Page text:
IMOGEN HARRISON chats with OMD’s ANDY McCLUSKEY about the impact Germany’s musical agitators had on a new breed of English pop stars
It’s West Berlin, it’s 1968, and in a large rented back room in a building along the North bank of the Landwehr Canal, the future is unfolding.
More specifically, this building is the notoriously short-lived Zodiak Free Arts Lab (or Zodiak Club), which is, by day, home to politically-minded theatre group Shaubühne am Halleschen Ufer. It is at night, however, that the majority of the drama takes place – when it becomes an experimental underground live music venue, home to pioneers of psychedelic Krautrock such as Human Being, The Agitation, and, most notably, Tangerine Dream. Painted only in black and white, and littered with new-fangled instruments, speakers and amplifiers that allowed musicians to turn their hand to anything from avant-garde jazz to electronic rock, the audience frequenting the club is a fairly small one, but their belief that “conventional” music is something to be frowned upon means that this isn’t important. What is important is that this “anti-convention” audience is growing, and fast, as musicians such as Conrad Schnitzler, Hans-Joachim Roedelius, Dieter Moebius (the three of whom co-found the club, and later go on to form experimental rock group Kluster), Boris Schaak and Edgar Froese sowed the seeds for a completely new and innovative type of music – known today as Krautrock. It would not only blow their audiences’ open minds with its characteristic improvisation and hypnotic, minimalistic rhythms, but also go on to become highly influential on many genres of music that exist today.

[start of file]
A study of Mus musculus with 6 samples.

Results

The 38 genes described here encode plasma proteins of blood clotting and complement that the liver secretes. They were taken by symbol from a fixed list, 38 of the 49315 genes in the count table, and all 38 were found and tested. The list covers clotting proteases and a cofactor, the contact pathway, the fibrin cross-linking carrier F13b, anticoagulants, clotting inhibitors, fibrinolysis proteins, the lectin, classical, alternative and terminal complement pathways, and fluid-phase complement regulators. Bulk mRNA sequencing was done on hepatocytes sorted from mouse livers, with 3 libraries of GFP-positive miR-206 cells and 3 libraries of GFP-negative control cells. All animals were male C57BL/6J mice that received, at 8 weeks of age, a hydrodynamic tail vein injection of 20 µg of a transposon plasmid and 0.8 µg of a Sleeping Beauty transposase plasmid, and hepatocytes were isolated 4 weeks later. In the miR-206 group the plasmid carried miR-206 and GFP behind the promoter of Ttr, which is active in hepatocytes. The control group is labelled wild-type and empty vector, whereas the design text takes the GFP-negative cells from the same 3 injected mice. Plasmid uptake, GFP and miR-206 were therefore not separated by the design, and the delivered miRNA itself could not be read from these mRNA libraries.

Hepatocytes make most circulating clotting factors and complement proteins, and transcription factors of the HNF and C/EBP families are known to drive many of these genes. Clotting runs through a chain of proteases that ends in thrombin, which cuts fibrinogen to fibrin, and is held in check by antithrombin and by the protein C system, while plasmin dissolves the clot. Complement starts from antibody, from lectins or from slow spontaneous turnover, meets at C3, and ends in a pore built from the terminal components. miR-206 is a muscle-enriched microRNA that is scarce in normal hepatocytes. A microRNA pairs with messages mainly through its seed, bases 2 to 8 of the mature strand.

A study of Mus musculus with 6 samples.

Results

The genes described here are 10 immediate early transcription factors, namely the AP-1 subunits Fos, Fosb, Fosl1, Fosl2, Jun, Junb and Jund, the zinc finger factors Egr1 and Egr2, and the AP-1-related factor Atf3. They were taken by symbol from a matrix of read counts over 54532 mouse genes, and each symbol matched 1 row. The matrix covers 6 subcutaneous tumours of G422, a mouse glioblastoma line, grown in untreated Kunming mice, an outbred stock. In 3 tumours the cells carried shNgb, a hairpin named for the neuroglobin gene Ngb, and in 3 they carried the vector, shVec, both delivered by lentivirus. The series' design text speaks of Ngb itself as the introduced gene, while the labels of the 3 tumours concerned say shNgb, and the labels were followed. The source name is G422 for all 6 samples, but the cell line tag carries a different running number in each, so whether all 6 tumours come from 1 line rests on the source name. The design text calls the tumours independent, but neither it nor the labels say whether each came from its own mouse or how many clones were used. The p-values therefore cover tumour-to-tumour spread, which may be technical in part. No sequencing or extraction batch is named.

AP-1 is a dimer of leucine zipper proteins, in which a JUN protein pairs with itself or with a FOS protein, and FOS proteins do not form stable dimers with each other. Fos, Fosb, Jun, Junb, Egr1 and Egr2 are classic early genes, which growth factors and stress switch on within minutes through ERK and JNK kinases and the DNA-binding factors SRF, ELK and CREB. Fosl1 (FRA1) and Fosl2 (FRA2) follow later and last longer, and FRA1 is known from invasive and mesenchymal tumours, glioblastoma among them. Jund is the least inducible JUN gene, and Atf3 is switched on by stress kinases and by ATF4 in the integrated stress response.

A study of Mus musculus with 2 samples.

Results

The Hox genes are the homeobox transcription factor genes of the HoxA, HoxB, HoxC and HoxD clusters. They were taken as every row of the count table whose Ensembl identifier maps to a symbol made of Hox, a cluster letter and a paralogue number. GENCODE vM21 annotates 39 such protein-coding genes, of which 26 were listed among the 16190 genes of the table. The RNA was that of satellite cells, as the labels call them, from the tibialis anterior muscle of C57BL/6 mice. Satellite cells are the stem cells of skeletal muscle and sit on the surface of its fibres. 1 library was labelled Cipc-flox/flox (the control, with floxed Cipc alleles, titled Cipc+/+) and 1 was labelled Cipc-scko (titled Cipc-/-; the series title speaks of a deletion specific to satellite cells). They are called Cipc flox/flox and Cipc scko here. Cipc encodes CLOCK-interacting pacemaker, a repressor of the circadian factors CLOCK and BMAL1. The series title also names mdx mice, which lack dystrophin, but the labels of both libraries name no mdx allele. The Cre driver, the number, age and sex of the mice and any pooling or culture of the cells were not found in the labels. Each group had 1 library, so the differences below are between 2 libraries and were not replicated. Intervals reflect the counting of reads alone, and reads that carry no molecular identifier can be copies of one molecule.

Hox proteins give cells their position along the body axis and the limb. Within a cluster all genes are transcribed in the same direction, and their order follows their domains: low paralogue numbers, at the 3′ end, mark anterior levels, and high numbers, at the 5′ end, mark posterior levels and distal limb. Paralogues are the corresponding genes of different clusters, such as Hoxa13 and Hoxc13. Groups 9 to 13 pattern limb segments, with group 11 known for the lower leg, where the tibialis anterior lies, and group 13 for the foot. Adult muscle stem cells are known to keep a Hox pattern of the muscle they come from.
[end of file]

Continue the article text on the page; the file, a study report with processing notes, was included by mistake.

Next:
However, although the audience for this new type of music was growing, the majority of Kraut – listeners in the late ’60s were those who had taken part in the ’68 student riots (that had stormed their way across Germany, France and Italy) and who were now looking for fields in which they could indulge in their new-found collective awareness, and even shake off the post-war shame of Hitler and his Nazis. Innovative German rock critic Rolf Ulrich Kaiser had been watching and listening to this new scene unfolding, and was heavily in favour of popularising the genre. Nevertheless, he also realised that without greater mass exposure, it was never going to get off the ground – it would remain labelled as a passing fad, perhaps, or simply as an extension of Anglo-American psychedelia. And that is exactly what this music was not. Whilst American and British rock was generally a development of the blues scale and of the music the slaves had brought with them from Africa in the previous century, Kaiser knew that these songs were innovative, because they were completely different to anything that had come before.